Economics for the real world

Economic Damages

Running a business has its dangers. An employee files a wrongful termination suit against your business. Your business faces unfair competitive practices by another company, resulting in lost revenue. One of your suppliers reneges on a contract and doesn't deliver the goods. An insurance company refuses to pay for your claim. A malpractice suit is filed against your medical services company. Any of these events can be detrimental to a person or business and need to be handled with utmost care. It is important that you have a good team of attorneys and experts on your side.

EEC works with attorneys to estimate the economic damages incurred and provides expert witness testimony in regard to these damages estimates. EEC also reviews and critiques damages reports of experts on the opposing side of the case. EEC has considerable experience working with both plaintiffs and defendants. With our years of experience in the area of economic damages, our use of peer-approved methodology and our testimony experience, EEC provides an integral tool in economic damages cases. EEC provides assistance in a variety of personal and business loss cases with the most common of these cases discussed below:

Personal Loss

Wrongful termination cases usually involve a party who feels the termination was without cause. A good example of a wrongful termination case is someone fired in retaliation for reporting a safety problem on the worksite. Loss in these cases includes loss of income and benefits following termination and possible loss of future income if the claimant cannot find comparable employment.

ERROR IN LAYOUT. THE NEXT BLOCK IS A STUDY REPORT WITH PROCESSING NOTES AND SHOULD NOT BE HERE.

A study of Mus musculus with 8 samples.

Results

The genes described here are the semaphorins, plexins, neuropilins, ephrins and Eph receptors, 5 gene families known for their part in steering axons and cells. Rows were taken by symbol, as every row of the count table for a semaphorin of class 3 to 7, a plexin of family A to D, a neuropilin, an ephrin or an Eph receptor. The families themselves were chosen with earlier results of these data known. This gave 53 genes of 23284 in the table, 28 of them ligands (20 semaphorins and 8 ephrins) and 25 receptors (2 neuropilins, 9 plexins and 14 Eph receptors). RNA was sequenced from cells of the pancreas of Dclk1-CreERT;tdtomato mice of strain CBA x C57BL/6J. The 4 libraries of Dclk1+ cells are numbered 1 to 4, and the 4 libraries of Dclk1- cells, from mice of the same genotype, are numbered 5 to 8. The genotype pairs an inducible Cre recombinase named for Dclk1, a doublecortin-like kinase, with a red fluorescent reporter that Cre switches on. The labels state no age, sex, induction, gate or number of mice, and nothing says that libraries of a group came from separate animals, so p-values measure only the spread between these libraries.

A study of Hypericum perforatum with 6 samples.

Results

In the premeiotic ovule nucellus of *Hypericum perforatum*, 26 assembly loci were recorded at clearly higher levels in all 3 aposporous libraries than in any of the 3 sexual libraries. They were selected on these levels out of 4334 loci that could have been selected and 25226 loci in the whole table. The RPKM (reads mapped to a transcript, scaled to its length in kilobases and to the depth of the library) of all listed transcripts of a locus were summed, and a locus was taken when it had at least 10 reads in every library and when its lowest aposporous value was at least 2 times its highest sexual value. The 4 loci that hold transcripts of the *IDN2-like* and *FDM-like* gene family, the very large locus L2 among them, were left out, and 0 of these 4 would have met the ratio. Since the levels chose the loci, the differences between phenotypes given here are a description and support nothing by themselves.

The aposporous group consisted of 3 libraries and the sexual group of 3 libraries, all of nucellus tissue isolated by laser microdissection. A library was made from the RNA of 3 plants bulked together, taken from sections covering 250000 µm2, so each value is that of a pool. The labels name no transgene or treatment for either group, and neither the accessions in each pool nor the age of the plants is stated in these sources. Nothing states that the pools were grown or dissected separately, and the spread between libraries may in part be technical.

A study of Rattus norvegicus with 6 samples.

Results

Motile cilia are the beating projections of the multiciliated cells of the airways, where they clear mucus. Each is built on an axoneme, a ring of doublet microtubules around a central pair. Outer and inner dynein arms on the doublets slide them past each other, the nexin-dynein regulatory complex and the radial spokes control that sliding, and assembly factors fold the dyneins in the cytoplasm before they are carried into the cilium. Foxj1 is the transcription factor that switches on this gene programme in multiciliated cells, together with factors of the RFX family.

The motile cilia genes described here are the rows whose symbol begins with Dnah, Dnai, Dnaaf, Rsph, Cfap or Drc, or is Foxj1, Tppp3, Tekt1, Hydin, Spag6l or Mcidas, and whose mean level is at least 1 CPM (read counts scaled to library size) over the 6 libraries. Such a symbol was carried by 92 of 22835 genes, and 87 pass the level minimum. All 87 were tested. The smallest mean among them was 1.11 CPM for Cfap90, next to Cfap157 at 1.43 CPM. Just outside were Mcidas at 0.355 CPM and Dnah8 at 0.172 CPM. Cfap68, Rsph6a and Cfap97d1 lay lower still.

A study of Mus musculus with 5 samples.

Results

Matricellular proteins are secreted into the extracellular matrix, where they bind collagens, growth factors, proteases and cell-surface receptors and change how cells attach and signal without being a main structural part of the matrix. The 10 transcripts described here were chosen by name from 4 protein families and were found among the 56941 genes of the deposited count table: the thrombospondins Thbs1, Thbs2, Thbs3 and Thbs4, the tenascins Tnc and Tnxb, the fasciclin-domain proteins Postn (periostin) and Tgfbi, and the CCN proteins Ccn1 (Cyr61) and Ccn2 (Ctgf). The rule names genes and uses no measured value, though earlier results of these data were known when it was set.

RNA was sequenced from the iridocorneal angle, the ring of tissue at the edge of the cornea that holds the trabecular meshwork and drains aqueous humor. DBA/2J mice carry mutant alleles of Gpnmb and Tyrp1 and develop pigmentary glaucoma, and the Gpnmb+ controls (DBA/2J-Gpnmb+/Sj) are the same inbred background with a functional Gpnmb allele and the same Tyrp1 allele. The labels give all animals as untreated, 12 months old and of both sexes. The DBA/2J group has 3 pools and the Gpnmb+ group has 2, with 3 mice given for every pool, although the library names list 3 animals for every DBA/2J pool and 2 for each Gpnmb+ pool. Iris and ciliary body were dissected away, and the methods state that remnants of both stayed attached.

Discrimination cases vary; some may be part of wrongful termination while others involve a person still employed with the Defendant. An example is an employee who is not promoted within a company due to the employee's race and gender. These cases involve estimates of income/benefits that would have been received had the promotion occurred.

Wrongful death cases are usually filed by the decedent's family or estate. An example is a person who is misdiagnosed and dies from an illness that goes untreated. Economic loss in this case involves estimates of income that would have been earned during the decedent's lifetime as well as estimates of the dollar value of the decedent's portion of household duties.

Personal injury cases occur after an event leaves the Plaintiff either temporarily or permanently disabled. A person's injuries may result in a lower-paying position as the person is no longer able to perform his or her previous duties. The difference in what the Plaintiff could have earned had he/she continued employment and the earnings from his/her new position make up the economic loss in this case.

Business Loss

Breach of contract/contract dispute cases occur when one side in a contract breaks the rules covered in the contract. For example, a supplier may provide inferior goods to the company, resulting in a delay of production or production of defective products. Loss of income that the business could have received is the most likely claim in this type of case.

Unfair competition could include copyright infringement and other types of cases that result in limiting a business' ability to complete. An example is a business that is forced into bankruptcy when its copyrighted product is copied and sold at a significantly reduced price. The loss of income resulting from this competition would be the focus of the economic loss case.

Business interruption cases result from an event that forces a business to slow or cease its normal operations, resulting in an income loss. These could be due to natural events such as floods and hurricanes, inappropriate actions of others, or other related events. For example, a business in a hurricane zone may suffer loss of income due to a storm. The damages to the business would be the income it would have received had the event not occurred.